The following is an article “Power of Attorney”
by Marc Primo.
Let's get started with a simple definition. A power of attorney, or a POA, is a document that allows competent adults to choose someone to represent them legally and financially on their behalf.
All powers of attorney must meet different state-specific standards to be legally valid.
As long as the state specifications are followed you are allowed a great deal of creativity with these tools.
He who creates a power of attorney is known as a principal. To be a principal you must: be an adult, and of sound mind.
“Agents,” or “attorneys-in-fact” are the representatives chosen by the principal. They also must be capable adults and sound of mind.
Power of Attorney (POA) Types
There are two basic types of POA:
A general power of attorney involves a lot of trust. This document can render an agent capable of making any and all decisions you would be able to. A general power of attorney is used in situations where an agent would handle all of your personal and financial business in order to protect your interests while you are incapacitated.
Any other power of attorney with described limits is a limited power of attorney. They can be limited to specific tasks and time frames.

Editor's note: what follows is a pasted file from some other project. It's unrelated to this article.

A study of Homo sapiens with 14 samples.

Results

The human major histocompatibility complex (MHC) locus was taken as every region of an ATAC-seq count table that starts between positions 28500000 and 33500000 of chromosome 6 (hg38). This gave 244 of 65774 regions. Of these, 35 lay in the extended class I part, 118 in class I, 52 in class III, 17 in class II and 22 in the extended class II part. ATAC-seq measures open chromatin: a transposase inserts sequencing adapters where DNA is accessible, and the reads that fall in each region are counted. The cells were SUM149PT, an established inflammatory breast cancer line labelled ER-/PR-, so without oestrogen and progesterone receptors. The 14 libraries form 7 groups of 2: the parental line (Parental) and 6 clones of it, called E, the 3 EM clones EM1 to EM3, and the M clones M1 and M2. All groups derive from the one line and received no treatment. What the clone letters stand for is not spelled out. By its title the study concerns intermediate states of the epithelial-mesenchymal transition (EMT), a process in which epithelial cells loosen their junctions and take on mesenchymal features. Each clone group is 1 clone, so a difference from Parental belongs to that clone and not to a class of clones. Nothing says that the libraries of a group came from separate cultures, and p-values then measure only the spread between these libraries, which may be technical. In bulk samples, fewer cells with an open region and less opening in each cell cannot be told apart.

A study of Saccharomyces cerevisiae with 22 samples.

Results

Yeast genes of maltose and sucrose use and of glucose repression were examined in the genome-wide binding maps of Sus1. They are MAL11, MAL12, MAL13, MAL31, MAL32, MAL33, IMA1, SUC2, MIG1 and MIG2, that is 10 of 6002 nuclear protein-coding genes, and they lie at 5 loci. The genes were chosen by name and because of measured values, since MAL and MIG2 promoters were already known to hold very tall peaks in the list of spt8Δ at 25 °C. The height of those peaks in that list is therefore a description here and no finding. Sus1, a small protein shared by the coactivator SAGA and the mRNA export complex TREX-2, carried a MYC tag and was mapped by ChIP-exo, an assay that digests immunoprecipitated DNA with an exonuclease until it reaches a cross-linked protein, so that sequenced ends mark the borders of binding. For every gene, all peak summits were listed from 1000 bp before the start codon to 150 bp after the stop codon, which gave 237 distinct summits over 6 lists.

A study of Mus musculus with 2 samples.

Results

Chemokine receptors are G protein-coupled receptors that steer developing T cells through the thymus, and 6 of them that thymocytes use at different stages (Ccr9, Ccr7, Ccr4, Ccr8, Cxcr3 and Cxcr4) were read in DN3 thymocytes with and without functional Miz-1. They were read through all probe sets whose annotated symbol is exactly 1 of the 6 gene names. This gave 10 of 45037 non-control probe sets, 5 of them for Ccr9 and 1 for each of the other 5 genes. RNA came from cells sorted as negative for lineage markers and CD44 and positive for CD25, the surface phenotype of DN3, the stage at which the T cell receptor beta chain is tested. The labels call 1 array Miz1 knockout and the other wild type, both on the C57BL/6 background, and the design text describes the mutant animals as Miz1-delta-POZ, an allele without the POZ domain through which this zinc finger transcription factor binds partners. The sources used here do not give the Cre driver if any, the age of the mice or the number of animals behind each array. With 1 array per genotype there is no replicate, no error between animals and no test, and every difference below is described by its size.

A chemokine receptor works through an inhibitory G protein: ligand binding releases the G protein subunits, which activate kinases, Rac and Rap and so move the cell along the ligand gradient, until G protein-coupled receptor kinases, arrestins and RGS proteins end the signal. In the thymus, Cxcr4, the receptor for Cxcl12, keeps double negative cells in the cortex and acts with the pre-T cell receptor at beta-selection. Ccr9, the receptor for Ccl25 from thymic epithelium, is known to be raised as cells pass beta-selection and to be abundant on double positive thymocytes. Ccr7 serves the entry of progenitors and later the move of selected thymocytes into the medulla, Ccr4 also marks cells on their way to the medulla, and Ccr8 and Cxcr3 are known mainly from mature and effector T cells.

As the name implies a durable POA can represent the principal after he/she becomes incapacitated or loses the ability to choose for themselves. The durable POA cannot be revoked while the principal remains in this status.
Let's say you gave out a Non-durable POA to a realtor to make a deal on your behalf. If you were to become incapacitated the non-durable POA is revoked and the realtor would no longer have the power to make the deal.
An Immediate or Standing POA is in action the moment you sign it.
A springing POA only comes into action if a previously stated event takes place. You might create a springing durable POA making your wife or trusted other the agent in the case you become incapacitated. Only when and while incapacitated can the agent make choices for you.
A POA for finances is usually used by accountants and stock brokers. It gives your agent the ability to manage the financial affairs you specify. Like, buy and sell stock, or file or pay your taxes for you.
A POA for healthcare – as a principal you are giving your agent the right to make medical decisions for you. The person who will ultimately make decisions with the doctors about your choices in treatment.
Powers of attorney (POA) have to be one of the most useful legal documents available.
But why would you need one?
-If you travel a lot for work wouldn't you want to make sure your wife can manage your finances while you are away?
-Want to multitask? Do you want to buy or sell a property but cannot be present to sign documents?
-Cut the red tape for your family if you were to be incapacitated.
-As a parent, you might want to take a vacation and leave the kids with responsible adults.
There a can be a myriad of reasons to use such a legal tool.
Delegating your legal and financial power to another is a hard choice but when done right can be the best decision for all involved.